A crack in the sidewalk

By B.J. Funk

I have been a United Methodist all of my life. However, 30 years ago I began taking a harder look at my denomination. I sensed an overall apathy spreading through our church. At that point, I had a renewed love for Jesus along with a desire to allow the Holy Spirit to completely claim my life. I felt a fire inside me, and the words in the Bible became personal. I connected with this wonderful Lord who claimed me, and every day I could not praise him enough.

I wanted to be where worshipers were free to say “Amen” out loud, to raise their hands without worrying over what others thought, and where preachers spit out “hallelujah” with every other breath!

In order to find that, I felt I had to leave The United Methodist Church. I began to grieve inwardly, but there did not seem to be another answer.

Then, God gave me the other answer. He dropped two words into my heart with such a thud that his voice was unmistakable! John Wesley.

John Wesley? Of course I knew who he was. But did I really? What did God want me learn about a man born almost three hundred years earlier, credited with starting a denomination that was clearly losing in the race for souls? I read every book I could find on him. I sailed with him on the voyage to America. I observed the Moravians on the boat and longed for the inner strength and peace they had. I sat beside him at the meeting at Aldersgate, where his heart was “strangely warmed.” I stood by his side as he preached his first sermon on the doctrine of personal salvation by faith. My heart warmed as I drank in every word of Wesley’s teaching on the free grace of God.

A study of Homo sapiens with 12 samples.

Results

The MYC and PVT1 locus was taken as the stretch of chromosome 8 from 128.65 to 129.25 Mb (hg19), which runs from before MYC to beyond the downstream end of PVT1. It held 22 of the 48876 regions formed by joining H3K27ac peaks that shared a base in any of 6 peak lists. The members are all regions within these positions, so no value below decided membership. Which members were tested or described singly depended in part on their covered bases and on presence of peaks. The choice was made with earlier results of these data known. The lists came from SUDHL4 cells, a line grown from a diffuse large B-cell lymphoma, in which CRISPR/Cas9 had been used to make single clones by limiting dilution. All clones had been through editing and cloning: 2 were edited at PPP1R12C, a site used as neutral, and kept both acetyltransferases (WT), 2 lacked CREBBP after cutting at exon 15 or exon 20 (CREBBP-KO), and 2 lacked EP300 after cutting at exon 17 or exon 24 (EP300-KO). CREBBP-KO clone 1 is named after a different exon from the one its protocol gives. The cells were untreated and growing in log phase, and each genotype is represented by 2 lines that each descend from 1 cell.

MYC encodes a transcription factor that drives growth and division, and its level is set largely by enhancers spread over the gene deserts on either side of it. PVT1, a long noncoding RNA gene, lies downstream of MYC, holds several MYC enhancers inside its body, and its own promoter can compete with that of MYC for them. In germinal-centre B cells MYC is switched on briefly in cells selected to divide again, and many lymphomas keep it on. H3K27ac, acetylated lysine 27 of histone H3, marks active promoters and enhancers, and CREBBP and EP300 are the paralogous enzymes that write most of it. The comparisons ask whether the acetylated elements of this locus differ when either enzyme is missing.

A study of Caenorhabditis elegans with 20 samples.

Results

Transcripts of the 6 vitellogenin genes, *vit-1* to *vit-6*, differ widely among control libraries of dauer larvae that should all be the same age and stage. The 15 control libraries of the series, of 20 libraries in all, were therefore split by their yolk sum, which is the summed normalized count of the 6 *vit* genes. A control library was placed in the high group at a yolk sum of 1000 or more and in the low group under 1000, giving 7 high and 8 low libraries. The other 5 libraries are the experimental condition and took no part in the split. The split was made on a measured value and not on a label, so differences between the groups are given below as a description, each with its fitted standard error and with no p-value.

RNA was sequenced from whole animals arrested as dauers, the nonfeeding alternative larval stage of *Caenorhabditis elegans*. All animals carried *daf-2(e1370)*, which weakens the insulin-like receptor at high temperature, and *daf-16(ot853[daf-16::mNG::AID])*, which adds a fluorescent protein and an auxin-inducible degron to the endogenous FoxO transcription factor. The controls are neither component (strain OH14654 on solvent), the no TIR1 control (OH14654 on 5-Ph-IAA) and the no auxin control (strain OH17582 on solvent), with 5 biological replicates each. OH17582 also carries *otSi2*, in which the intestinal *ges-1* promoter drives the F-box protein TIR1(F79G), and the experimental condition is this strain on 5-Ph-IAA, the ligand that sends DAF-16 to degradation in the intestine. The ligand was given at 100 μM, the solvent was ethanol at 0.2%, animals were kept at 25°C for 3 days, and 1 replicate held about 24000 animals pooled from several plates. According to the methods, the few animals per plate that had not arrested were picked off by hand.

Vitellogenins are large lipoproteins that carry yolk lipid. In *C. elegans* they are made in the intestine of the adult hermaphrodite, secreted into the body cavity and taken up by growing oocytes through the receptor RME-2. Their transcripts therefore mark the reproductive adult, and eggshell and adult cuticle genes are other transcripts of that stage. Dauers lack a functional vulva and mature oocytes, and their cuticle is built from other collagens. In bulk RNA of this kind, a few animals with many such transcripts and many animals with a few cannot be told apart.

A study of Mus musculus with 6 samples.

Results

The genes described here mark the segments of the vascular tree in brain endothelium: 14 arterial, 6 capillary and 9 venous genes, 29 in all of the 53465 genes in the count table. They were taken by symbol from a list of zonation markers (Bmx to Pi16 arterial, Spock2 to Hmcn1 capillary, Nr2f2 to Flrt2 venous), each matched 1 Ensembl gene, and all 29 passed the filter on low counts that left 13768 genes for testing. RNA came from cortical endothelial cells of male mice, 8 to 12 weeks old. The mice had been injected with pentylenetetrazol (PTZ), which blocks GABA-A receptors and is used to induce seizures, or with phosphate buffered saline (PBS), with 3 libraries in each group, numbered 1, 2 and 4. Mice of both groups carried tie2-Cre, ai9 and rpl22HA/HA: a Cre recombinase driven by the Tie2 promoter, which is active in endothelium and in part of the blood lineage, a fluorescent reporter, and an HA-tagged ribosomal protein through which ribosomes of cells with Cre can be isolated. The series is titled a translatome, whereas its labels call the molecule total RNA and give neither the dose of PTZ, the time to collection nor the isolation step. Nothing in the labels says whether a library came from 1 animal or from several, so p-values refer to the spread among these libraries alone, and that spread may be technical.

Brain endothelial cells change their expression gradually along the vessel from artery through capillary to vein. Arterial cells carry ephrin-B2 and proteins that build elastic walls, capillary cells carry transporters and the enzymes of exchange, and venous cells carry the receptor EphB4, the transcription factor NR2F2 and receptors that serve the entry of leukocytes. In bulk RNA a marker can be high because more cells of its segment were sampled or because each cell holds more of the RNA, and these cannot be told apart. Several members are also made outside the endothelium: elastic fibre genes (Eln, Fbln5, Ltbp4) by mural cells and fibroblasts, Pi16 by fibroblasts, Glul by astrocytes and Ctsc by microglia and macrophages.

I cried inside when I read that his radical message of love, grace, accountability and justification by faith was not accepted, and that Wesley was turned away from most churches. Field preaching became an effective way for him to reach lost souls, and for 50 years, he preached wherever an assembly could be brought together. He pursued a rigidly methodical life, studied the Scriptures, and began to seek after holiness of heart and life.

I began to really know John Wesley. I loved his heart for God, his brilliant mind, and his belief that he was commissioned by God to bring about revival in the church. Although I still love a good “hallelujah,” I began looking, instead, for depth in Methodist lives and Methodist sermons. I found it.

Since then, I have never wanted to leave our church again. Methodism glides through my veins with each beat of my heart. So profoundly was I touched by this man’s teachings that I later sensed the clear calling to make my own contribution to continue what he started. My heart has been warmed, and my soul is content. Just try to get rid of me. You cannot.

Would God lead Wesley to start a revival destined to die? I don’t think so. However, there is a crack in the sidewalk of Methodism. A weed of dissension threatens to choke all that Wesley started and all that we try to continue. Is it possible to get back to our roots? Your answer to the next question will either make you run away or compel you to stay.

Three hundred years ago, Wesley was not allowed to preach in most churches. If Wesley were to come back today, would you allow him to preach in your United Methodist Church?